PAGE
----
Have you ever been at a party where someone took a big bite of a nacho, then dipped it back into the salsa for another serving? It’s called double dipping. Pretty yucky, right? And not very healthy.
You may be doing the same thing with your investing and not even know it.
Let’s say to have a diversified portfolio you wanted to buy some growth stocks, some value stocks and some international stocks. You found three Exchange Traded Funds (ETFs) that seemed to offer just what you wanted: Fidelity Momentum Factor ETF (FDMO), Schwab U.S. Large Cap Value ETF (SCHV) and Vanguard Total World Stock Index Fund (VT).
Did you get what you wanted? Or were you guilty of double dipping? Let’s take a look.
All three ETFs hold some of the same stocks in their top ten holdings: Apple, Microsoft, Johnson and Johnson, JP Morgan Chase, and Exxon Mobil. These five stocks account for 13.8% of assets at FDMO, 13.5% at SCHV and 4.8% at VT. If you own all three ETFs, you are definitely doing some double dipping in stock selection.
All three ETFs have concentrations in technology and financial stocks. These two sectors account for 39% of assets at FDMO, 36% of assets at SCHV, and 35% of assets at VT. Looks like more double dipping.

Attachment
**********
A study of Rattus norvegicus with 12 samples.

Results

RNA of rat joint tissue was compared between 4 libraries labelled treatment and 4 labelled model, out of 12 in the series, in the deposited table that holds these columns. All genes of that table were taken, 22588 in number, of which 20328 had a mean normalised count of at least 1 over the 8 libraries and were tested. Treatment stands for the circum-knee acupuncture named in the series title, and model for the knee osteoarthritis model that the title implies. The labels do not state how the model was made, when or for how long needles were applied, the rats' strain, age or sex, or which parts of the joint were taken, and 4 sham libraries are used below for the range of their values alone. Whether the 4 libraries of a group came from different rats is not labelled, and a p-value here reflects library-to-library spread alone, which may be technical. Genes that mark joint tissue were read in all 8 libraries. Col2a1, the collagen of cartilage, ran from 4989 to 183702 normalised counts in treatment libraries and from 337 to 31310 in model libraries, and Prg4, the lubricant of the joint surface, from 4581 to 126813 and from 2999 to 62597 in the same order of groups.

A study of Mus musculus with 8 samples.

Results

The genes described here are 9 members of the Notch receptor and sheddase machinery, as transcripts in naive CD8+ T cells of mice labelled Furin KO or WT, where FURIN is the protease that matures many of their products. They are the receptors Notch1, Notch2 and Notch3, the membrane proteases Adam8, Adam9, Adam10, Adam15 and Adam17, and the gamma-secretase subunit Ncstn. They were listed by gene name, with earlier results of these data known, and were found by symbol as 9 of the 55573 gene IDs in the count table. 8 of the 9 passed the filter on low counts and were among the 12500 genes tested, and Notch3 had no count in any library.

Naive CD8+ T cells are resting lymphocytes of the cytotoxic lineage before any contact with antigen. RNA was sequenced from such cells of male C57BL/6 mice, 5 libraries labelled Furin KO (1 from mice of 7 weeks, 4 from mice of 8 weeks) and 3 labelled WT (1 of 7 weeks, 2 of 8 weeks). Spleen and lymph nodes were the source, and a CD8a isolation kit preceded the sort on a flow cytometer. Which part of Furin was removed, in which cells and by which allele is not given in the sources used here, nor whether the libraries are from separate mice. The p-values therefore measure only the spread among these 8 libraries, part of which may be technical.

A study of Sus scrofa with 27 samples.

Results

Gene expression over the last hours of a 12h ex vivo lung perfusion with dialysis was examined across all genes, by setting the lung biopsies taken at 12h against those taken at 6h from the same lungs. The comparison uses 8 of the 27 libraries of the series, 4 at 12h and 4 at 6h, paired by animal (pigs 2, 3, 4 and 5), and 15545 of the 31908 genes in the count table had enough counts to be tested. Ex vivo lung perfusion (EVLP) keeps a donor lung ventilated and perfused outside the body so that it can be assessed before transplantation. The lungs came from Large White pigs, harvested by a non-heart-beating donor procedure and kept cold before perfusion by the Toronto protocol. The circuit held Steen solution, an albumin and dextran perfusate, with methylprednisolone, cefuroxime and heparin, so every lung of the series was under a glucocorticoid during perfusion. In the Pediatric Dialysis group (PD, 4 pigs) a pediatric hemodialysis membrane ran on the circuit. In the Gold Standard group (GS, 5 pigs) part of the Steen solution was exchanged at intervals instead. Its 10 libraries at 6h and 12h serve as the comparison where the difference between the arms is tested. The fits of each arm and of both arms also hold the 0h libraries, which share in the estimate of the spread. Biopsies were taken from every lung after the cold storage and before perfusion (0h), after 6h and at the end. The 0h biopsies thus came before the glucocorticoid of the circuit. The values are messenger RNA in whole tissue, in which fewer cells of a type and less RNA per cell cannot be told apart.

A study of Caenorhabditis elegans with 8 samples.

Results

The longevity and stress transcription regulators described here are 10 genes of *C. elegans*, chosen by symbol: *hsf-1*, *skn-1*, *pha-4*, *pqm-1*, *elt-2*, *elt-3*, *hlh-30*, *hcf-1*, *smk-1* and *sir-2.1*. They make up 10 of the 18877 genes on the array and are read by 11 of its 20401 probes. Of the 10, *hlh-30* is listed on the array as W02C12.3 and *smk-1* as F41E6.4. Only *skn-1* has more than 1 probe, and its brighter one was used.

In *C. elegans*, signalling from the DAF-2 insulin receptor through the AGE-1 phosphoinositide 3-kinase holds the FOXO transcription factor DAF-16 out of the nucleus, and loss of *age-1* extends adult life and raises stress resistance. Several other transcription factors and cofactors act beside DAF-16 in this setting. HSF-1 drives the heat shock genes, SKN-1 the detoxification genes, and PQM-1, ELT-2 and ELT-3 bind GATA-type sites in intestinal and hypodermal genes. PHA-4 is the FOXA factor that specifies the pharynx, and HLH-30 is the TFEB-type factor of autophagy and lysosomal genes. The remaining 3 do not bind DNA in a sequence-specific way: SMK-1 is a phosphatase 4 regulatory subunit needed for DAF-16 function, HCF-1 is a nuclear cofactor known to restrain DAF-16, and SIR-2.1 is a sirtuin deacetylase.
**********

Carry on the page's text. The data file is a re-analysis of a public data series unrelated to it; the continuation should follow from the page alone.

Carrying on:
What about performance? Here we see some differences. FDMO is up 14.3% year to date, SCHV is up 9.7%, and VT is up 17.8%. In comparison, the S&P 500 Index (SPX) is up 14.1% for the same time period. So the growth and international stocks outperformed the SPX, while the value fund trailed.
So what does this tell us? Yes, double dipping regularly occurs among large ETFs. After all, they have a lot of dollars to invest, and there are a limited number of stocks they can invest in. However, just because several ETFs are invested in the same stocks, that doesn’t necessarily mean they will have the same performance. The point of portfolio diversification is to have things in your portfolio that don’t all move in the same direction at the same time. So when one ETF is going down, some others are either going up or not going down quite as much.
How can you figure all this out? If you have an online brokerage account, dig into its research section to find the information. If you’re using a financial advisor, ask them.
The point is to know what you’re investing in and what role you expect it to play in your portfolio. Don’t buy an ETF just because of the name. If you have to double dip, do it on purpose and not just because you didn’t do enough research.
Want more investing advice? Click here to subscribe to my newsletter!